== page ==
Lloyds Banking Group Plc, Britain’s biggest mortgage lender, set aside an additional 1 billion pounds ($1.6 billion) to compensate clients wrongly sold loan insurance as it posted a narrower third-quarter loss.
The net loss shrank to 361 million pounds from 501 million pounds in the year-earlier period, Lloyds said in a statement today. The provision brings the total it has earmarked for redress to 5.3 billion pounds, more than any other U.K. bank.
British lenders have put aside more than 10 billion pounds after regulators ordered them to compensate customers who were forced to buy, or didn’t know they had bought insurance to cover their repayments on mortgages, credit cards and other loans. Barclays Plc, Britain’s second-biggest bank, said on Oct. 18 it would take an additional 700 million-pound charge for payment protection insurance, prompting analysts to speculate Lloyds would have to follow.
“There was a big worry that Lloyds was going to have to take another 3 to 5 billion pounds of PPI provisioning,” said Cormac Leech, a banking analyst at Liberum Capital in London who has a buy rating on the stock. “There are quite a few key positives here such as lower loan losses, a smaller-than-expected PPI charge and an improvement” on its return on assets, he added.
The stock closed 8.3 percent higher at 43.94 pence in London. The shares have rebounded 70 percent this year, making Lloyds the best performer in the six-member FTSE 350 Banks Index. The Treasury, which owns about 40 percent of the bank after bailing it out in 2008, paid about 73.6 pence a share for its stake.
The amount Lloyds pays out monthly to settle PPI claims fell to 250 million pounds a month in the third quarter from 300 million pounds in the second half, Finance Director George Culmer told reporters on a call today.
“We would expect that trend to continue,” Culmer said. It “remains uncertain” if more provisions are needed, he said.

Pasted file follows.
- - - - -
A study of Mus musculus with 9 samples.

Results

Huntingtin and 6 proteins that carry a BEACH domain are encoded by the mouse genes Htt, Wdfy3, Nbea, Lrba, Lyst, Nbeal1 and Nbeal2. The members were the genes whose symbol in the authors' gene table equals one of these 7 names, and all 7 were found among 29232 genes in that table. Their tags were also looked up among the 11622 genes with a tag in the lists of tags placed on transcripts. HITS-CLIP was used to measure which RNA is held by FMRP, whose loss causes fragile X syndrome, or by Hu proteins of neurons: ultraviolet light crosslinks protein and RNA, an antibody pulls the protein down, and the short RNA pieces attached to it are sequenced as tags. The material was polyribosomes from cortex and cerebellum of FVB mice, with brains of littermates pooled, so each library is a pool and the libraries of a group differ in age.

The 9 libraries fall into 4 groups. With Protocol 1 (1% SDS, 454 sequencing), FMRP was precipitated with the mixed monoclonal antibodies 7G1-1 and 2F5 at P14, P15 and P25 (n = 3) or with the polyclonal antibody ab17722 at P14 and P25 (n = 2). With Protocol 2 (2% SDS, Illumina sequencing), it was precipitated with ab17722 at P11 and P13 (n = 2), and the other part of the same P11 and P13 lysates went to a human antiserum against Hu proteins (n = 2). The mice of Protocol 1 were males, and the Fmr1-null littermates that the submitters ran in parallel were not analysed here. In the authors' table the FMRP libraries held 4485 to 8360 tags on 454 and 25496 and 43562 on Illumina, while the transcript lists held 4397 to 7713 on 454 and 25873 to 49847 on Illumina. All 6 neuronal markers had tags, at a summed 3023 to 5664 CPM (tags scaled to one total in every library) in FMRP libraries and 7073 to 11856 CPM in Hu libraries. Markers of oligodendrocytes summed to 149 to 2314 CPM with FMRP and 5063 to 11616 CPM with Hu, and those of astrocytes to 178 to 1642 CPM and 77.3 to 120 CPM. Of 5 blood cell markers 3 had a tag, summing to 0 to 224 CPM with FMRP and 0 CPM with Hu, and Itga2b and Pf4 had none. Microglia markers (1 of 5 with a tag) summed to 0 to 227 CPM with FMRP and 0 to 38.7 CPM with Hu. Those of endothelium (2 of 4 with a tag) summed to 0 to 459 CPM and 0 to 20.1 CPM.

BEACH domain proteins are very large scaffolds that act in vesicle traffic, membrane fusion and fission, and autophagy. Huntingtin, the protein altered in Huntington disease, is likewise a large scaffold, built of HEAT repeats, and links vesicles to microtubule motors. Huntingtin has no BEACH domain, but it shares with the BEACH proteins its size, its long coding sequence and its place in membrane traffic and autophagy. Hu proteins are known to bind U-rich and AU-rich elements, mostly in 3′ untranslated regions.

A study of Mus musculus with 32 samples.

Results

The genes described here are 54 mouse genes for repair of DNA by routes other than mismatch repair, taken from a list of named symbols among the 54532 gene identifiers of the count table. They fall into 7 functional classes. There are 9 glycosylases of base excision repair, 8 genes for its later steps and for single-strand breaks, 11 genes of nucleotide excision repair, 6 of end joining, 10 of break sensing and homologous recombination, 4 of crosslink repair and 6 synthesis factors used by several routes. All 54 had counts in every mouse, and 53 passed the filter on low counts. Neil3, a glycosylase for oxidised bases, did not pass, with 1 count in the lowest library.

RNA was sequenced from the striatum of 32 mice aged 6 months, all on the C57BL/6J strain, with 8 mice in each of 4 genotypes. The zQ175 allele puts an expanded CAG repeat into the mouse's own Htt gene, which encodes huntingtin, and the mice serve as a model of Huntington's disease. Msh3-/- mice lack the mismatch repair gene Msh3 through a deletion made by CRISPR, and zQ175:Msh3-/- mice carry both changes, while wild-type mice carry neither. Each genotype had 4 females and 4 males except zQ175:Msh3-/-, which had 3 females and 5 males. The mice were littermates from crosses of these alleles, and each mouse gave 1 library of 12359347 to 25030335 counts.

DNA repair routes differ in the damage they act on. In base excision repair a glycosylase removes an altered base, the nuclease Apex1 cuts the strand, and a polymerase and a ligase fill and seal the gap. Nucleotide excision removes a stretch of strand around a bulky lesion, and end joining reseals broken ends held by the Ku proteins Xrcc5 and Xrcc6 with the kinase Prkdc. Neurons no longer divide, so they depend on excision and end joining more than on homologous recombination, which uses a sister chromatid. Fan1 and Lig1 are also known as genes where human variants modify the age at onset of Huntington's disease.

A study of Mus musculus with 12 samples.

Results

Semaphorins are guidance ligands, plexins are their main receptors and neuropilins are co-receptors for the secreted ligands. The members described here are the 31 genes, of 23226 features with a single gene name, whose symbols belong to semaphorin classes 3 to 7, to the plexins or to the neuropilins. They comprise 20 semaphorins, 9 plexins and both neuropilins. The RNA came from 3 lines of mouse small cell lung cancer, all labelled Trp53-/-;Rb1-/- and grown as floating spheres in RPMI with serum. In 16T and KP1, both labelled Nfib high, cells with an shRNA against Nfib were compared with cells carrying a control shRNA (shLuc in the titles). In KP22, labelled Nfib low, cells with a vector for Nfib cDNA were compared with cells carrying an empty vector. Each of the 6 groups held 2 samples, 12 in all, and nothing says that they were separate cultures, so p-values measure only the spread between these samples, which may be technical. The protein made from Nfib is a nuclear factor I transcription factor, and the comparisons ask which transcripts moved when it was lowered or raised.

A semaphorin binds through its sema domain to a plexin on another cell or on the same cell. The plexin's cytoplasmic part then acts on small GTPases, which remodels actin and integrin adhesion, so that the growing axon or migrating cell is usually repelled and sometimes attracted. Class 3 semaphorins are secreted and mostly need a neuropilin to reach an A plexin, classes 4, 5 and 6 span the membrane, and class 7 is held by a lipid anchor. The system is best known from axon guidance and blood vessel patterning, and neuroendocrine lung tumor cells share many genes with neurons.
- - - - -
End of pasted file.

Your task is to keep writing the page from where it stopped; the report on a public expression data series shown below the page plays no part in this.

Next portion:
Claims-management companies, which help customers pursue compensation for a fee or percentage of any award, have inflated the cost of PPI claims and more than half from some firms are bogus, the bank said today.
Barclays has made 2 billion pounds of provisions to cover insurance redress, Royal Bank of Scotland Group Plc 1.3 billion pounds, HSBC Holdings Plc 1.1 billion pounds and Santander U.K. about 731 million pounds. RBS may need to post an extra 300 million pounds when it reports third-quarter earnings at 7 a.m. tomorrow, according to Gary Greenwood, a banks analyst at Shore Capital Ltd. in Liverpool, England.
Lloyds also disclosed that it had set aside an additional 150 million pounds in potential compensation for German clients sold policies issued by its insurance unit Clerical Medical Investment Group Ltd. That takes the firm’s total provision to 325 million pounds.
Lloyds’s loss narrowed as provisions for souring mortgages fell 35 percent to 1.26 billion pounds as impairments slowed at its Irish unit. Lloyds has set aside more than 10 billion pounds to cover losses on real estate loans in Ireland, where commercial real estate prices slumped more than 65 percent and house prices almost halved since 2007.
The bank said today it expects impairments to decline to 6 billion pounds in 2012 from an earlier estimate of 7.2 billion pounds.
Pretax profit increased to 840 million pounds in the third quarter from 419 million pounds in the year-earlier period, beating the 554 million-pound median estimate of 14 analysts surveyed by Bloomberg.
“We have made further significant progress this quarter, improving underlying performance in a challenging environment,” Chief Executive Officer Antonio Horta-Osorio, 48, said in the statement. “Disappointingly, legacy issues continue to affect our results.”
Lloyds’s profit margins are still under pressure as the Bank of England holds its benchmark interest rate at a record low amid an anemic economic growth.
The net interest margin, the difference between what Lloyds earns on loans and its cost of funding, narrowed to 1.93 percent in the third quarter, from 2.05 percent in the three months to the end of September last year, the bank said.
That missed the 1.94 percent estimate of Credit Suisse Group AG analysts led by London-based Carla Antunes da Silva. Horta-Osorio said in May the margin would narrow to less than 2 percent in 2012.
Lloyds didn’t give any update on its plans for resuming dividend payments, even after telling analysts it would do so in the second half. The bank hasn’t paid a dividend since it was bailed out following its takeover of HBOS Plc.
“There’s nothing in these results that indicates Lloyds is going to be paying a dividend,” said Simon Maughan, a financial industry strategist at Olivetree Securities Ltd. in London. “If they thought they were going to be able to pay a dividend anytime soon, they would be shouting about it from the rooftops.”